Children carrying a genetic variant of the FTO gene are prone to eat more calories, with each copy of the variant resulting in approximately 65 more calories being ingested at each meal, a new study shows.
These findings suggest genetic factors affect eating behavior and food preferences in children, which may help develop public health strategies to halt the onset of child’s obesity.
“Early identification of the physiology and behaviors that constitute early risk factors for subsequent weight gain will help inform best practices for intervention and prevention of obesity in children,” Michael Rosenbaum, MD, said in a press release. Rosenbaum is a professor of pediatrics and medicine at Columbia University Irving Medical Center (CUIMC) in New York City, and senior author of the study.
The study “The FTO Gene and Measured Food Intake in 5‐to 10‐Year‐Old Children Without Obesity” was published in the journal Obesity.
A single change in one nucleotide (the building blocks of DNA sequences) in the FTO gene, previously identified as rs9939609, has been linked to obesity. This association is believed to be mainly due to increased caloric intake. However, until now, it was not known whether the increased caloric intake was a consequence of obesity, or whether it existed before the onset of obesity.
CUIMC researchers and collaborators decided to explore the impact of genetic variability of the FTO gene in children’s dietary intake. To do so, they recruited 122 non-obese children, aged 5 to 10, within the New York City metropolitan area. Children with diabetes or eating disorders, with severe food allergies, or on medication, were excluded from the study.
Parents of the children were interviewed in person about the children’s characteristics, height, weight, and body composition. Researchers collected data on these parameters during the children’s first visit to the lab. They also collected psychiatric information and dietary habits of each child, and evaluated families’ histories of body weight and its associated comorbidities.
Researchers also collected saliva samples from each child, which they then used to analyze the number of the genetic variant of the FTO gene they carried and correlated it with their caloric intake.
On a second visit to the lab, the team once again measured the children’s height and weight. The parents were advised not to allow their child to have anything to eat or drink, except for water, after 10 p.m. the previous night.
The children were then given a breakfast consisting of cereals (Cheerios or Kellogg’s Corn Flakes) and whole milk. Portion sizes were adjusted for energy expenditure based on age, height, and weight. Three-and-a-half hours later, during which children were advised to refrain from eating or drinking (except for water), they were given a buffet lunch consisting of 28 food and beverage items, such as sandwiches, chicken nuggets, fruits and vegetables, salty snacks, and desserts.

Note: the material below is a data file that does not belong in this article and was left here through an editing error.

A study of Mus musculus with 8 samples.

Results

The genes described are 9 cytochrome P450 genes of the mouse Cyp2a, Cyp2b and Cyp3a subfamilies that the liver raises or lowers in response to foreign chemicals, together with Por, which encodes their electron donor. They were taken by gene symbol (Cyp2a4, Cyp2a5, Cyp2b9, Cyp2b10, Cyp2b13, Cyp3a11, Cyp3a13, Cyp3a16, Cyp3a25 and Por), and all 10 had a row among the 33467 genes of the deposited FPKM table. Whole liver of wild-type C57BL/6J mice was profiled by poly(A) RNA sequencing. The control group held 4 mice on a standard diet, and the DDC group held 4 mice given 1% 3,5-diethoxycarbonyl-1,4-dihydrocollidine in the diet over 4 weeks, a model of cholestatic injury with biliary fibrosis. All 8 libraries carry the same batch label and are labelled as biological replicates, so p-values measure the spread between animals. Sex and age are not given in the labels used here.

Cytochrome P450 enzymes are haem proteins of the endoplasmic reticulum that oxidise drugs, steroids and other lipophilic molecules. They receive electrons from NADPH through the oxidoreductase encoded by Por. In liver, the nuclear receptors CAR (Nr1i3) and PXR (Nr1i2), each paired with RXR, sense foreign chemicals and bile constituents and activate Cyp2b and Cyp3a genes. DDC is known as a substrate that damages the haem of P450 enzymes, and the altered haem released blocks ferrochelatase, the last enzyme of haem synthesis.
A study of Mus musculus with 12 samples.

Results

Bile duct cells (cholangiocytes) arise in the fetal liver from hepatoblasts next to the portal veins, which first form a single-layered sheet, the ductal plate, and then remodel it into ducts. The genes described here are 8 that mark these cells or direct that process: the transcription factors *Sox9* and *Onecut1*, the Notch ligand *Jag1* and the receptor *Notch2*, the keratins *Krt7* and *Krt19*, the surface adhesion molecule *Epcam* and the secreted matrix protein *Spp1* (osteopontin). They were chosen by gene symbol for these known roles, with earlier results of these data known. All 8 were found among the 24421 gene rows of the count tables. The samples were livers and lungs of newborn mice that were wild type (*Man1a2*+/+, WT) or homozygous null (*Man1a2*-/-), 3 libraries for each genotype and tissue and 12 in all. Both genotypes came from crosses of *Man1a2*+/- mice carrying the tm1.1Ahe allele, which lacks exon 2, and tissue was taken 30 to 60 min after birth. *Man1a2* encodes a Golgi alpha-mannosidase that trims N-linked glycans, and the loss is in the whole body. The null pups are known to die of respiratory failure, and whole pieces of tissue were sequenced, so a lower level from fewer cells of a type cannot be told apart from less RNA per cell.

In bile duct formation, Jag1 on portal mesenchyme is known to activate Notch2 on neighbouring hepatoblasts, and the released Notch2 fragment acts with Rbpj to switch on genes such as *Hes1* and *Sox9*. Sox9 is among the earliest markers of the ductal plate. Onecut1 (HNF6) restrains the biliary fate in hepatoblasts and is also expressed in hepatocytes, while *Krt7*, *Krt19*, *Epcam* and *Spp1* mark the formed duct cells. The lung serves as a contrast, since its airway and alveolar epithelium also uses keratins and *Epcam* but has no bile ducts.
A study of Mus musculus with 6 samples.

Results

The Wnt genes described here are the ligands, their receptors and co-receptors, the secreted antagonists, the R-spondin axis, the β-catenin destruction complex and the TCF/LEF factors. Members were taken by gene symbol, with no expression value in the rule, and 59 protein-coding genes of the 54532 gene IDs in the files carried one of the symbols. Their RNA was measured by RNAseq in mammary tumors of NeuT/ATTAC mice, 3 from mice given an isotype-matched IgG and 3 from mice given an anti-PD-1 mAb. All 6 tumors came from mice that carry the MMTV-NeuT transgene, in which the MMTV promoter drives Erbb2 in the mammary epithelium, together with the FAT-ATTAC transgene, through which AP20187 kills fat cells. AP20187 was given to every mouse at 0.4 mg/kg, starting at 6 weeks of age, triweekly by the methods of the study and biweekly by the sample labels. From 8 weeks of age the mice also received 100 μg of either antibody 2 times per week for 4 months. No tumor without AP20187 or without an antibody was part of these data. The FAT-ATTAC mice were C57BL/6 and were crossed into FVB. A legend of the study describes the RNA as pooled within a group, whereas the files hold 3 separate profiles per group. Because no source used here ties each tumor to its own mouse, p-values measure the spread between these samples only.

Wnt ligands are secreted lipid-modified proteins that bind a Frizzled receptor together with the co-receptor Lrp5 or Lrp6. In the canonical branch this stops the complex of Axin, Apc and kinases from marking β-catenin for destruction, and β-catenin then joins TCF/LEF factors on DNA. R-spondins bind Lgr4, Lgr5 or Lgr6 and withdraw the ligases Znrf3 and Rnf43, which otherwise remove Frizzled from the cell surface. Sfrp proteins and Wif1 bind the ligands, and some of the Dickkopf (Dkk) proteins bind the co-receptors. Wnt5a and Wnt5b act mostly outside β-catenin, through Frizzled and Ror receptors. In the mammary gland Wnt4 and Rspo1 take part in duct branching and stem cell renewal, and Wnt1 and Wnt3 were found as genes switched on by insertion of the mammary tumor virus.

Researchers told them they could eat as much as they would like, and after the meal was over there was an accounting of what they had eaten and how much.
The team found a significant effect on the child’s genetic pattern and their caloric intake, even after adjusting their body mass index (BMI). Each FTO copy with the obesity-related mutation led to a consumption of approximately more 65 calories per meal.
“Even though 65 calories is not a lot per se, if this pattern generalized to multiple meals per week or day, this increased caloric intake can add up over time and may contribute to gaining excess weight,” said Rosenbaum.
In addition, they found that in non‐African American children the gene version linked to obesity could lead to an additional caloric intake of around 80 calories, further demonstrating that children may exhibit certain behaviors before the onset of obesity.
“The influence of genotype dose on intake adds support to the hypothesis that FTO genotypic associations with body weight are mediated by effects on food intake more so than on energy expenditure,” researchers wrote.
This “research sheds light into possible behavioral phenotypes for childhood obesity before obesity has developed,” said Tanja Kral, PhD, associate professor in the School of Nursing and the Perelman School of Medicine at the University of Pennsylvania. “Once identified, it will enable us to design personalized behavioral interventions that target the individual components of the [obesity manifestation].”
Further research is needed to understand which behaviors may signal the risk of weight gain and whether these children can be identified for early intervention strategies to reduce the risk for developing obesity.
“The ultimate goal is to prevent the at-risk child or the child who has obesity from becoming an adult with obesity,” said Rosenbaum.